MARYSVILLE- Skateboarders here will soon be caught on camera, but not to showcase their talents.
The city plans to install video cameras at the skate park at 1050 Columbia Ave. as early as this spring or summer to deter vandalism.
Mill Creek and Arlington are considering using cameras for security at their skate parks as well, officials said.
For each of the cities, vandalism is the issue. In Marysville, it’s been an ongoing problem since the park was built in 2002 at a cost of $542,000.
Graffiti tops the list, along with other incidents such as knocked-over portable toilets and damaged fencing, parks director Jim Ballew said. No arrests have been made.
Last summer, the city closed the park for two weeks to repair damage, one of several times in recent years the park has been shut down.
The vandals “are not representative of the entire user group; it’s just a handful of people,” Ballew said.
“Usually it’s bikers and gangsters” doing the graffiti, said skater Michael Chamberlain, 13, of Marysville, a regular at the park. The vandalism occurs at night as “taggers” hop the metal-bar fence when no one’s around, skaters complain.
Many park users would like to see the park lit at night so they can skate late, which would also deter the crime, they said. Now, the park is open from 9 a.m. to dusk seven days a week.
Ballew said the city considered, and rejected, lighting the park at night primarily because it would shine into nearby homes and late skaters would generate noise for those neighbors.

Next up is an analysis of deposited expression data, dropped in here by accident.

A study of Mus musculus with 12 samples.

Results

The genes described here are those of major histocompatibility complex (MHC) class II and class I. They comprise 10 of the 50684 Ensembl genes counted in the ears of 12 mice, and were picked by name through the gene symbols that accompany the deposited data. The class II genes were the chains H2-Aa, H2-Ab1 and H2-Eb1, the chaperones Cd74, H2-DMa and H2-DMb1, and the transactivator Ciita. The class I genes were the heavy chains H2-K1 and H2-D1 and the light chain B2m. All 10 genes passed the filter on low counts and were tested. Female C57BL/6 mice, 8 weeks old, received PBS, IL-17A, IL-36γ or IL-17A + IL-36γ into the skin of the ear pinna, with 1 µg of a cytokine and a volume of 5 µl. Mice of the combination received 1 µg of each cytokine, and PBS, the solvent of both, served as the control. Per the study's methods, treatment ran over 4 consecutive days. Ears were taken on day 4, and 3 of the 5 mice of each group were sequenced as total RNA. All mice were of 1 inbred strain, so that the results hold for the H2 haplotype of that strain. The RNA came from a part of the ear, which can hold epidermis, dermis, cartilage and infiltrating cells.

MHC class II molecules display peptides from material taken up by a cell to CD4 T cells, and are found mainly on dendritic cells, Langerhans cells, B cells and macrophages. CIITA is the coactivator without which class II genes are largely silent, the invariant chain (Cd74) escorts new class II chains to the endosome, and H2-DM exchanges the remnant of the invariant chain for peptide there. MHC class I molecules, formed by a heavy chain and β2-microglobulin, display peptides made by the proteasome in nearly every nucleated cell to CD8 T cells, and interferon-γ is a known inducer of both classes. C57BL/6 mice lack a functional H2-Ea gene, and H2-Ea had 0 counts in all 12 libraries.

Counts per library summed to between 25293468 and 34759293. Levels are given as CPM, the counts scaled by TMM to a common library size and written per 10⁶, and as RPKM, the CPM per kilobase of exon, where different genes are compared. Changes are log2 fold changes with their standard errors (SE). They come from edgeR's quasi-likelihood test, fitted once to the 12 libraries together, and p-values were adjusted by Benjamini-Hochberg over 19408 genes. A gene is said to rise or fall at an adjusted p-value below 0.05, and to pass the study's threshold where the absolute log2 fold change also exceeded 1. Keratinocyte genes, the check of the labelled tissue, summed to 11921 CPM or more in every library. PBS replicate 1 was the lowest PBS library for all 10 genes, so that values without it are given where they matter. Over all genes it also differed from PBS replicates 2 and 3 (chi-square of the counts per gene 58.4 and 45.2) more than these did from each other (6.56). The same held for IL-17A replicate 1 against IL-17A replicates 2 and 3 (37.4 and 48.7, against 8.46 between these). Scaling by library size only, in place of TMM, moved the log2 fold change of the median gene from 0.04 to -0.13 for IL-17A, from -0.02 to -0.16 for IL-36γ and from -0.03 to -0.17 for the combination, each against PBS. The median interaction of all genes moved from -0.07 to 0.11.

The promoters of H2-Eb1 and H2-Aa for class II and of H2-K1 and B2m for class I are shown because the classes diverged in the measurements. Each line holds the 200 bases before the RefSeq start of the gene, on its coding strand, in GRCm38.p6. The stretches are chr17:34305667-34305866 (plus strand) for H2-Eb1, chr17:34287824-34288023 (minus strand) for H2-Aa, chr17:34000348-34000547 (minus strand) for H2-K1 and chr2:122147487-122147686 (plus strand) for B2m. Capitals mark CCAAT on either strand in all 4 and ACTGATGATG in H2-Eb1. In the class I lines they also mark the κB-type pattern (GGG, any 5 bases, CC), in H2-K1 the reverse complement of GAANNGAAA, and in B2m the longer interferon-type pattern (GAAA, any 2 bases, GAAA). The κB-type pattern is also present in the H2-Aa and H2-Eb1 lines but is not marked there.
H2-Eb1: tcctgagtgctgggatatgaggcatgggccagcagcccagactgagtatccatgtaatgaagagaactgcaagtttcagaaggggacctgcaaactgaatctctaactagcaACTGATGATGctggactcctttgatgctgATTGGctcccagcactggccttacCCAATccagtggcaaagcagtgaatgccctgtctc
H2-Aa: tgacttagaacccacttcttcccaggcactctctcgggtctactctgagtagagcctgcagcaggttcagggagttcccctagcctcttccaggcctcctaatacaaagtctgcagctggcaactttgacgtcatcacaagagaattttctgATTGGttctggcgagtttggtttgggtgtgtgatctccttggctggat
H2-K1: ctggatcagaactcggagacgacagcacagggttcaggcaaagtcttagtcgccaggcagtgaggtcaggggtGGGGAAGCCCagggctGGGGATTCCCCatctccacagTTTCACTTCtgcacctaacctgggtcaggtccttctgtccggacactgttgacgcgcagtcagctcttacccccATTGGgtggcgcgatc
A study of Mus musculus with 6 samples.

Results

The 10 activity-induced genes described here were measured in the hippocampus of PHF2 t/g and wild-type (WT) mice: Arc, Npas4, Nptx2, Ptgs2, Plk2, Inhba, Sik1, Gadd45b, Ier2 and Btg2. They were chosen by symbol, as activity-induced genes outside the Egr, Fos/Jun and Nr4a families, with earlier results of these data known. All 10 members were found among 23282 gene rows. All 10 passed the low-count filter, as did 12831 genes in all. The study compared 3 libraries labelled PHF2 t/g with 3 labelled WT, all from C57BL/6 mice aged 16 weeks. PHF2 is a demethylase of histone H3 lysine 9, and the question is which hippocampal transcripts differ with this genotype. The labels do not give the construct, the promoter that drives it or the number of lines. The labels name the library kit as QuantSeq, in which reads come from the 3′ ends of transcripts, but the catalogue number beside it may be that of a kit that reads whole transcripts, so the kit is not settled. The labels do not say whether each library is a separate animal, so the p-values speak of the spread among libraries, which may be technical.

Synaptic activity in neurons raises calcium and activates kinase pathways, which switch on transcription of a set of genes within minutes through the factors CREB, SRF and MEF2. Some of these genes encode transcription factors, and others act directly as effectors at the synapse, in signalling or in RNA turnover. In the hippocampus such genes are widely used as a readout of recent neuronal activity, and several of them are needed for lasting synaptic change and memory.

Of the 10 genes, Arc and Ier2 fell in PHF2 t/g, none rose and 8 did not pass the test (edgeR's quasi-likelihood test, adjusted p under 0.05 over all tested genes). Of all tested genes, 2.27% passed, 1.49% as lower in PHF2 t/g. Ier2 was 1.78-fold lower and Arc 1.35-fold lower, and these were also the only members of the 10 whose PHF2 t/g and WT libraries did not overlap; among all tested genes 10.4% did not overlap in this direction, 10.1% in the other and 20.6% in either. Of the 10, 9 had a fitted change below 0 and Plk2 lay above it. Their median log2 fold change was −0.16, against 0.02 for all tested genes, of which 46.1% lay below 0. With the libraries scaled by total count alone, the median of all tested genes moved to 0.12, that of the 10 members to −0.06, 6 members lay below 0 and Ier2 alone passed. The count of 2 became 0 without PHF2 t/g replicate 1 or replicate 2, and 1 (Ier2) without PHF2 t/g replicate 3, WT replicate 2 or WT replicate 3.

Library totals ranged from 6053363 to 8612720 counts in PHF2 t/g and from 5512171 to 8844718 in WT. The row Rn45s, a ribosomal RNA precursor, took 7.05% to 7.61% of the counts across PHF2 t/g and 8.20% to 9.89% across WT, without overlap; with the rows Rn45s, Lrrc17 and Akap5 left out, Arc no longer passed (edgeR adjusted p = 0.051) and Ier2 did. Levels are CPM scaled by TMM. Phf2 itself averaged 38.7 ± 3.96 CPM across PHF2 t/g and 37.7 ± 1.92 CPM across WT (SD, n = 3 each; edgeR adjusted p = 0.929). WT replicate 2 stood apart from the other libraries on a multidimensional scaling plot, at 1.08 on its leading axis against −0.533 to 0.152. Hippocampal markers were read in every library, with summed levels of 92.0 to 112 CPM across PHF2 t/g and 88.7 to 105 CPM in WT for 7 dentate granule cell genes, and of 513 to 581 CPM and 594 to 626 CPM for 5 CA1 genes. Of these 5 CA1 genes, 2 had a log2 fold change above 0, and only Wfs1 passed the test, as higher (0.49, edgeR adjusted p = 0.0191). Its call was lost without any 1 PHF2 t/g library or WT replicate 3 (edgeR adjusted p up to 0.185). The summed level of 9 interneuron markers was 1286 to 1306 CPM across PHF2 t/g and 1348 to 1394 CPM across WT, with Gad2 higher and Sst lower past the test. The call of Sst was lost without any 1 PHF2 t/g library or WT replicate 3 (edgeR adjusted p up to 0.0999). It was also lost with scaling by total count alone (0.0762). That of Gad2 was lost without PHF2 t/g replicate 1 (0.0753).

The cameras are expected to cost about $6,500, Ballew said. They’ll be focused on the park 24 hours a day, seven days a week. Infrared technology will allow the cameras to record images in low light.
“I don’t really like it,” said skater Tito Jack, 16, of Tulalip. “I think we should be able to have some privacy.”
Some skaters like the graffiti. “I think it looks good,” Chamberlain said.
The city has worked hard to curb a recent rise in graffiti citywide. The city passed a law last month that allows it to order property owners to cover or remove graffiti within 48 hours.
Removing graffiti quickly is essential to discouraging the activity, city officials say. In many cases, it’s a form of communication between gang members, they say.
Graham Callan, co-owner of the Unknown Skate Shop and Art Gallery in Marysville, agreed. But he’d rather see lights than surveillance.
“I say focus on the gangs,” he said.
In the future, when funds become available, Marysville would like to connect the cameras to the Web so the park can be seen live on home computers, Ballew said. Woodinville in north King County has a webcam for its skate park.
In Mill Creek, officials are studying other options, such as lighting and fencing, as well as cameras, Police Chief Bob Crannell said. They plan to address the issue in the next few weeks, he said.
Arlington has had only occasional problems with graffiti, city spokeswoman Kristin Banfield said, and cameras are probably a year or two away.
In Marysville, at least one skater won’t mind the cameras.
David Noriz, 34, makes the trip about three times a week from his Granite Falls home to skate at the park.
“I think it’d be a good idea,” he said. “I personally would like to see (the vandals) get caught because one ruins it for 50 kids.”
Reporter Bill Sheets: 425-339-3439 or firstname.lastname@example.org.